Wednesday, January 2, 2013

Review: His Mistress by Christmas by Victoria Alexander

Widowed Lady Veronica Smithson and famous explorer and lady's man Sir Sebastian Hadley-Attwater are at cross-purposes.  Veronica has been widowed for several years and she misses physical companionship.  While she misses the sex, she is uninterested in getting married again, afraid of losing her independence and having to conform to a husband's rules, not that her first husband restricted her in any way.  Sebastian, despite his reputation as a rake, is eminently ready to give up his globe-trotting, marry, and settle down.  And he's certain that the enticing Veronica is the woman for him.  Veronica, meanwhile, is certain that the handsome, intelligent, and roguish Sebastian will be the perfect lover for her.  It's not often in a romance that the heroine wants an affair and the hero wants marriage but this latest Victorian set historical romance of Victoria Alexander's has just this very unusual situation.

Both Veronica and Sebastian are very determined to make the other see sense and fall in with the plans they each seperately espouse.  With a view to convincing the other than their own plan is the smartest, the two of them retire to Sebastian's newly purchased country home just before Christmas.  Veronica is determined to seduce Sebastian while there and he's intent on making her his wife.  If it was just a tale of these two, the story wouldn't be nearly as entertaining as it is though.  Before they leave town, Sebastian, certain that no woman will hold out against his proposal of marriage for long, tells his sisters of his plans to marry.  And so, citing the fact that it has been years since Sebastian has been home for the holidays, his entire family descends on his home where he and Veronica are now faced with utter chaos, the question of how to behave, and a charade.  This leads to some very humorous situations.  And things get even more complicated when Veronica's father, batty grandmother, and quite feminist aunt, who raised her after the early death of her mother, also arrive at Sebastian's home having heard the rumor of Veronica marrying again.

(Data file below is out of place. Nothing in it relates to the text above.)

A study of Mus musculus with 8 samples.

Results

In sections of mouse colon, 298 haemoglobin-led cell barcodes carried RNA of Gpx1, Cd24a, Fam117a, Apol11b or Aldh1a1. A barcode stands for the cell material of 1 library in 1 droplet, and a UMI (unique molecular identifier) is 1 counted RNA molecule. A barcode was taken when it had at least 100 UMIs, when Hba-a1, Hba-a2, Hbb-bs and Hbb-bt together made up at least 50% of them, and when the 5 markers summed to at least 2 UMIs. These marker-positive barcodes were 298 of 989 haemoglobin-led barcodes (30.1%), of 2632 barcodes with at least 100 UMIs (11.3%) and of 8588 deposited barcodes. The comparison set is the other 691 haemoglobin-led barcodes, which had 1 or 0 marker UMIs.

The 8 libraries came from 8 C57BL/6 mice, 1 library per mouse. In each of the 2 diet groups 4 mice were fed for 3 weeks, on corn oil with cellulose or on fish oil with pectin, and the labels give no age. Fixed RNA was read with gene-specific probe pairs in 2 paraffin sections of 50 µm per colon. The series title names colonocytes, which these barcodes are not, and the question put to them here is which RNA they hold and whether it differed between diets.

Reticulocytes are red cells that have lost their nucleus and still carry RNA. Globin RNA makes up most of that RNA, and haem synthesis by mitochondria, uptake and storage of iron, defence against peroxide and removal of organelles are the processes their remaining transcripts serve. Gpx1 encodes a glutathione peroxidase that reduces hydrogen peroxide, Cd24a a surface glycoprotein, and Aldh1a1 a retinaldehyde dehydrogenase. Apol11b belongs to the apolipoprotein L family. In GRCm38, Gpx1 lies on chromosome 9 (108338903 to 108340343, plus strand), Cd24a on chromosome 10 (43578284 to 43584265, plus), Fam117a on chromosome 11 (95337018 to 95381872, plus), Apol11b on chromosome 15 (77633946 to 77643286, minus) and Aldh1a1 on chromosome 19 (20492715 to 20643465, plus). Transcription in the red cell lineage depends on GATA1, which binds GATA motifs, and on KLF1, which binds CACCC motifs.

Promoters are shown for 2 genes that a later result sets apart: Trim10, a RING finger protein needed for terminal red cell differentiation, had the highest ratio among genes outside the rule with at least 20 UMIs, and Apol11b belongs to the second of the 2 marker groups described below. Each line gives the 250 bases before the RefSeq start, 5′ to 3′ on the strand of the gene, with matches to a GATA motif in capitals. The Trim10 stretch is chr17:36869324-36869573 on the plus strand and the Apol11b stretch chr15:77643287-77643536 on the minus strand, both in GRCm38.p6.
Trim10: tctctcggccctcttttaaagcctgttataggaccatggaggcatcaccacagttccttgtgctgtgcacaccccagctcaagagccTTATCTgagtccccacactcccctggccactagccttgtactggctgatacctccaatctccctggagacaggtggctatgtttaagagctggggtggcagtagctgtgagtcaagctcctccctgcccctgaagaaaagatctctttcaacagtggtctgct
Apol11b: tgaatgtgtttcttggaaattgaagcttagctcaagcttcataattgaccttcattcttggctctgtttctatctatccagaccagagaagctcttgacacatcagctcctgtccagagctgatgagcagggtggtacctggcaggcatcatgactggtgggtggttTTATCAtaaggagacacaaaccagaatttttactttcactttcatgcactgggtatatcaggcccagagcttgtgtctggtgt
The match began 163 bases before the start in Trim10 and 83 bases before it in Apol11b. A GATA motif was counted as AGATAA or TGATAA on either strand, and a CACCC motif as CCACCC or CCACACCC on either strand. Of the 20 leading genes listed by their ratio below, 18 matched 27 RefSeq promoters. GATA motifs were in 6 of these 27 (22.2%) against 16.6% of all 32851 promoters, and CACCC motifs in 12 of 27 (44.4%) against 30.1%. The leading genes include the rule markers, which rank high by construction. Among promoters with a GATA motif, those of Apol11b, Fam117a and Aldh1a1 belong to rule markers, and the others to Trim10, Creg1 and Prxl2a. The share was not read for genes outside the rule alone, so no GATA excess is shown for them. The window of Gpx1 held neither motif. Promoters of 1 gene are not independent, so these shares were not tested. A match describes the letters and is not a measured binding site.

There is a lot of witty banter here but not as much "can't keep their hands off of each other" lust as might be expected, especially given that the heroine is no virginal miss.  The initial attraction is rather rushed but if it then developed into a believable enduring love, that would be fine.  As it is though, there's no real display of what makes Veronica and Sebastian love each other and that's too bad.  The novel is an entertaining and unusual romance and the by-play between the characters is enjoyable even if the chemistry is a little on the low side and the final misunderstanding that threatens to drive them apart is ridiculous.  Romance readers will, on the whole, find this a reasonably fun, quick read.